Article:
Life – Damaged and Excessive. Negativity and Desire between Adorno and Deleuze

Talk at WinterSchool Tübingen with Ray Brassier 2019


Although both Adorno and Deleuze stage their critique of Hegel in a distinctly Nietzschean fashion, rejecting the totalizing tendency of conceptual thought in the name of the non-identical and singular, their non-idealistic materialisms seem to be dissimilar beyond any chance for reconciliation. However, the respective loci of redemption in both thinkers appear as mirror images according to the necessity of mediation or non-mediation as the condition of life. For Adorno, “life” is always already damaged, fragmented and alienated, therefore pointing to its redemption outside of its current bio-political regime or situation, while for Deleuze no such dialectic is possible, since life is already its own beyond the regime internal to itself. While for Adorno, political action occurs in the name of a damaged life, for Deleuze, life itself becomes resistance, when confronted with power. Hence, while a transcendental empiricist position would accuse Adorno’s reliance on negativity of the same flaw, that was inherent to atheism for Marx, namely, that it must assume the position of the enemy to function at all, the position of negative dialectics would regard Deleuze as complicit in the dissolution of political subjectivity through the power of an inhuman and inorganic life.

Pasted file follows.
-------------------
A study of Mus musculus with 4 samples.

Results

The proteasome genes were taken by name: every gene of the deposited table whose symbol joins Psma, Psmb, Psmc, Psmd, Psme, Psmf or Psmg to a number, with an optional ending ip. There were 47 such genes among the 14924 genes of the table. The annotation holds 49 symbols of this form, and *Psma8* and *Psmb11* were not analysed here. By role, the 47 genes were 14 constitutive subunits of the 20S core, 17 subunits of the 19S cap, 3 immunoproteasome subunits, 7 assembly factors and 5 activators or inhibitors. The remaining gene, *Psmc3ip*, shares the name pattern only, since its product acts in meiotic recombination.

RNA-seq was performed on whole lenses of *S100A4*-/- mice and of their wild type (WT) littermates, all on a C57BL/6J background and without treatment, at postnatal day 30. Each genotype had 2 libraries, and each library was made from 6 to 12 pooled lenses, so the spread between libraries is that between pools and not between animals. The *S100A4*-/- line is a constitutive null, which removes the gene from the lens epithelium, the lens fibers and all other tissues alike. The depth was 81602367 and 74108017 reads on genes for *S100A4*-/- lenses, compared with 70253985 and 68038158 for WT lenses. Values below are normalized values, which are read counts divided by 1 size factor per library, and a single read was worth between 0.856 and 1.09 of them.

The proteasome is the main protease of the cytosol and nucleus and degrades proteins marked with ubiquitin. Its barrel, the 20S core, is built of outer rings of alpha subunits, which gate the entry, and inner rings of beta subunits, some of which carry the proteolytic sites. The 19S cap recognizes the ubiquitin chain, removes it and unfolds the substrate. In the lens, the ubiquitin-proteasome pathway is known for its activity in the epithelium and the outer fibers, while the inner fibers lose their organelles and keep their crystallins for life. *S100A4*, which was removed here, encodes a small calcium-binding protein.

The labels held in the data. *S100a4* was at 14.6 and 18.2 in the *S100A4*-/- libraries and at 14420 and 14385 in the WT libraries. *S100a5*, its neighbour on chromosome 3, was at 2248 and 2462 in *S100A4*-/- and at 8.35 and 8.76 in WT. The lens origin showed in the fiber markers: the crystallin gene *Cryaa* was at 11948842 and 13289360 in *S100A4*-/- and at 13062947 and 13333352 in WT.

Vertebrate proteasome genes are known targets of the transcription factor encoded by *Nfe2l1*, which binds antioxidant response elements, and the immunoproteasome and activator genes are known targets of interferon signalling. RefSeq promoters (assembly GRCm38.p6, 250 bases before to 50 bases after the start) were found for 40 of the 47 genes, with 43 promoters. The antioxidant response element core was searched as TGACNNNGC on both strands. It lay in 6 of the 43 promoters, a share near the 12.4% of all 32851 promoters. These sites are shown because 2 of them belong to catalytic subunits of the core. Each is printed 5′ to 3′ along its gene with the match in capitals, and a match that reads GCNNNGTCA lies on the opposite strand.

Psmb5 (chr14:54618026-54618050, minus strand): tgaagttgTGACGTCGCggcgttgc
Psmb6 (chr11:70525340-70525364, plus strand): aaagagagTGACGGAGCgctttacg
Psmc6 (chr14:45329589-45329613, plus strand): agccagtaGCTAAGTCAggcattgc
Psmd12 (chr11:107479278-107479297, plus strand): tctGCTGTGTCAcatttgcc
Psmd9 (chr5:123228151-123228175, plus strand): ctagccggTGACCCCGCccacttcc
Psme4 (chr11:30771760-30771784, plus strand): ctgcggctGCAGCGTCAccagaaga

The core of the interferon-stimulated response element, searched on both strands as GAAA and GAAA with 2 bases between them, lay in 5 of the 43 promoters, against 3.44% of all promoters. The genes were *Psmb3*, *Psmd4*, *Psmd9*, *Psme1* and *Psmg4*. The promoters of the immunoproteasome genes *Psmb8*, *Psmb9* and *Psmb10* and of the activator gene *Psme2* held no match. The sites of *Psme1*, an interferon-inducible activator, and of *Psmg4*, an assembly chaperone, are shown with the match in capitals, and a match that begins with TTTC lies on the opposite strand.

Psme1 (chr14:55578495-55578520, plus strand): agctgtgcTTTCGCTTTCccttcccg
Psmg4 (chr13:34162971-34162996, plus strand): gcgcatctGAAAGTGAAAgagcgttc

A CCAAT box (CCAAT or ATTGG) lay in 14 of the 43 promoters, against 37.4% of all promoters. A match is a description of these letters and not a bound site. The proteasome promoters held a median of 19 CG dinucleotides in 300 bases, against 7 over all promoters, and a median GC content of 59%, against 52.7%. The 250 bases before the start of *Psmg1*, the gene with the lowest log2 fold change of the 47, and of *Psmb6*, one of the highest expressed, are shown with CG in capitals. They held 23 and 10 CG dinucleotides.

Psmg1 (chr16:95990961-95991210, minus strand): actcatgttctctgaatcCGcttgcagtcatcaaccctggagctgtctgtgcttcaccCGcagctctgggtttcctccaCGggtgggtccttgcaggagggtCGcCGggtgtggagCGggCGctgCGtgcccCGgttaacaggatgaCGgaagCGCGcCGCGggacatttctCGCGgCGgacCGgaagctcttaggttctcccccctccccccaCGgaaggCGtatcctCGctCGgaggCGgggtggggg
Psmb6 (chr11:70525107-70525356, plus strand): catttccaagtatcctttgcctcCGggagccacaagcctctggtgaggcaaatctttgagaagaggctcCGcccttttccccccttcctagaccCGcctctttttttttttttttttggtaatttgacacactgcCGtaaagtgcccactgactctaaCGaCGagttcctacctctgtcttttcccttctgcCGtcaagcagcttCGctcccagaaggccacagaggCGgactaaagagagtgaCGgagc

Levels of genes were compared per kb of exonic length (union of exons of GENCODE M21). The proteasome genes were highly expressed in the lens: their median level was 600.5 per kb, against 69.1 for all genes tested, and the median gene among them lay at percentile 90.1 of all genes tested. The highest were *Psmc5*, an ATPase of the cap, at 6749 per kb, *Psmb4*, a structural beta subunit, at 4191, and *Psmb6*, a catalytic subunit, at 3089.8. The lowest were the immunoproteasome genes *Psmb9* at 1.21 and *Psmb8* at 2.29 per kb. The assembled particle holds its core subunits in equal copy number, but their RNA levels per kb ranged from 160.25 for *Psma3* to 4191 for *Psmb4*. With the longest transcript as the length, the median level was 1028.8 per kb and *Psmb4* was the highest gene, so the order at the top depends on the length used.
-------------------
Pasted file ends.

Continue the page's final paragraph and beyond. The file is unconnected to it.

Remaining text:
Given that any attempt to approach this point of divergence with a sublating gesture would already introduce a Hegelian moment foreign to both of them, the talk wants to enact the difference in conceptions of life between the two as productive mismatch. The (mostly unknown) text by Lyotard “Adorno as the Devil” was published as a reaction to and endorsement of Deleuze’ “Anti-Oedipus”. Lyotard – while decidedly on the “energetic” side of interpreting capitalism against the “tragic” one – begins to negotiate the difference between the two conceptions of life in Adorno and Deleuze by interrogating their respective ideas of libidinal investment in and against conceptual thought. He shows how Adorno’s negativity starts to interfere with the affective and vital remnants resisting conceptual thought, while Deleuze expulsion of the negative disables any traditional emancipatory practices. By reconstructing Lyotard’s confrontation of the two thinkers, we can then move towards a renegotiation of the role of negativity and desire in regard to life in contemporary philosophy.